Leading American newspapers took starkly divergent editorial stances on Prime Minister’s Benjamin Netanyahu’s speech to Congress on Tuesday, with the New York Times calling it “exploitative political theater.”
The NY Times editorial board argued that the “unconvincing” speech was “obviously intended to challenge President Obama’s foreign policy.”
“Mr. Netanyahu’s speech offered nothing of substance that was new, making it clear that this performance was all about proving his toughness on security issues ahead of the parliamentary election he faces on March 17,” wrote the editors. “He offered no new insight on Iran and no new reasons to reject the agreement being negotiated with Iran by the United States and five other major powers to constrain Iran’s nuclear program.”
“His demand that Mr. Obama push for a better deal is hollow,” claimed the NY Times. Netanyahu, it argued, doesn’t want negotiations and did not suggest a reasonable alternative approach to stop Tehran’s nuclear program.
The Washington Post, which has been far more skeptical of a potential deal with Iran, said that “Mr. Netanyahu’s arguments deserve a serious response from the Obama administration — one it has yet to provide.”
“The White House has sought to dismiss the Israeli leader as a politician seeking reelection; has said that he was wrong in his support for the Iraq war and in his opposition to an interim agreement with Iran; and has claimed that he offers no alternative to President Obama’s policy. Such rhetoric will not satisfy those in and out of Congress who share Mr. Netanyahu’s legitimate questions.”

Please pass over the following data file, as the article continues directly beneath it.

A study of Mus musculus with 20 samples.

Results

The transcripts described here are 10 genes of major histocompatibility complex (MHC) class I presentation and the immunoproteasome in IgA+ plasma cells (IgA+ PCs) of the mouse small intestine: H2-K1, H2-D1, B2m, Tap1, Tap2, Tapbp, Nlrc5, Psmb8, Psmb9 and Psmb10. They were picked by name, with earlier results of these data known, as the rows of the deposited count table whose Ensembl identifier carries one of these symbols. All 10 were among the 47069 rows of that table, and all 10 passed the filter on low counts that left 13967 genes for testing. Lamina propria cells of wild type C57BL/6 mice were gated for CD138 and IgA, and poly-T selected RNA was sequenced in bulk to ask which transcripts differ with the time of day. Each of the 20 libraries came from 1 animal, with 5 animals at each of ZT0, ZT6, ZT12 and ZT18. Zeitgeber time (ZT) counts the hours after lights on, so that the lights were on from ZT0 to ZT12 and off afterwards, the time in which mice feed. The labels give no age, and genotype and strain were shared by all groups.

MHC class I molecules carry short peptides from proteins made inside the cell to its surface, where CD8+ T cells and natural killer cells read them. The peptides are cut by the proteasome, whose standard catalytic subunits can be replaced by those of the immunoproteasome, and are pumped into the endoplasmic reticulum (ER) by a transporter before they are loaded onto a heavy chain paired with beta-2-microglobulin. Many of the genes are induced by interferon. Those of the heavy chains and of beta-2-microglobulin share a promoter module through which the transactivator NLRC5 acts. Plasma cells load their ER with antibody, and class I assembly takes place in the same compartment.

Instead of attacking Netanyahu, argued the Post, “the administration ought to explain why the deal it is contemplating is justified — or reconsider it.”
Before the talk, the Los Angeles Times editorial board wrote that “Netanyahu deserves a respectful hearing even if the auspices of his appearance are exasperating.” It also said that Israel’s concerns over Iran’s nuclear program were “understandable.”
On Tuesday, Netanyahu warned in his landmark address before the joint houses of Congress that the nuclear deal taking shape between Iran and Western powers “paves the path for Iran” to a nuclear arsenal, rather than blocking it, and urged American leaders to walk away from what he called “a very bad deal.”
The emerging agreement, he told the assembled congressmen and senators, would leave Tehran with “a vast nuclear infrastructure” that placed it dangerously close to the ability to break out to a nuclear bomb. It “will not prevent Iran from developing nuclear weapons. It will all but guarantee that Iran will get nuclear weapons and a lot of them.”
“Iran has proven time and again that it cannot be trusted,” no matter what it says about permitting verification of the terms of any accord designed to prevent it from getting such weapons, he said. “This is a bad deal, it’s a very bad deal. We’re better off without it.”
Times of Israel staff contributed to this report.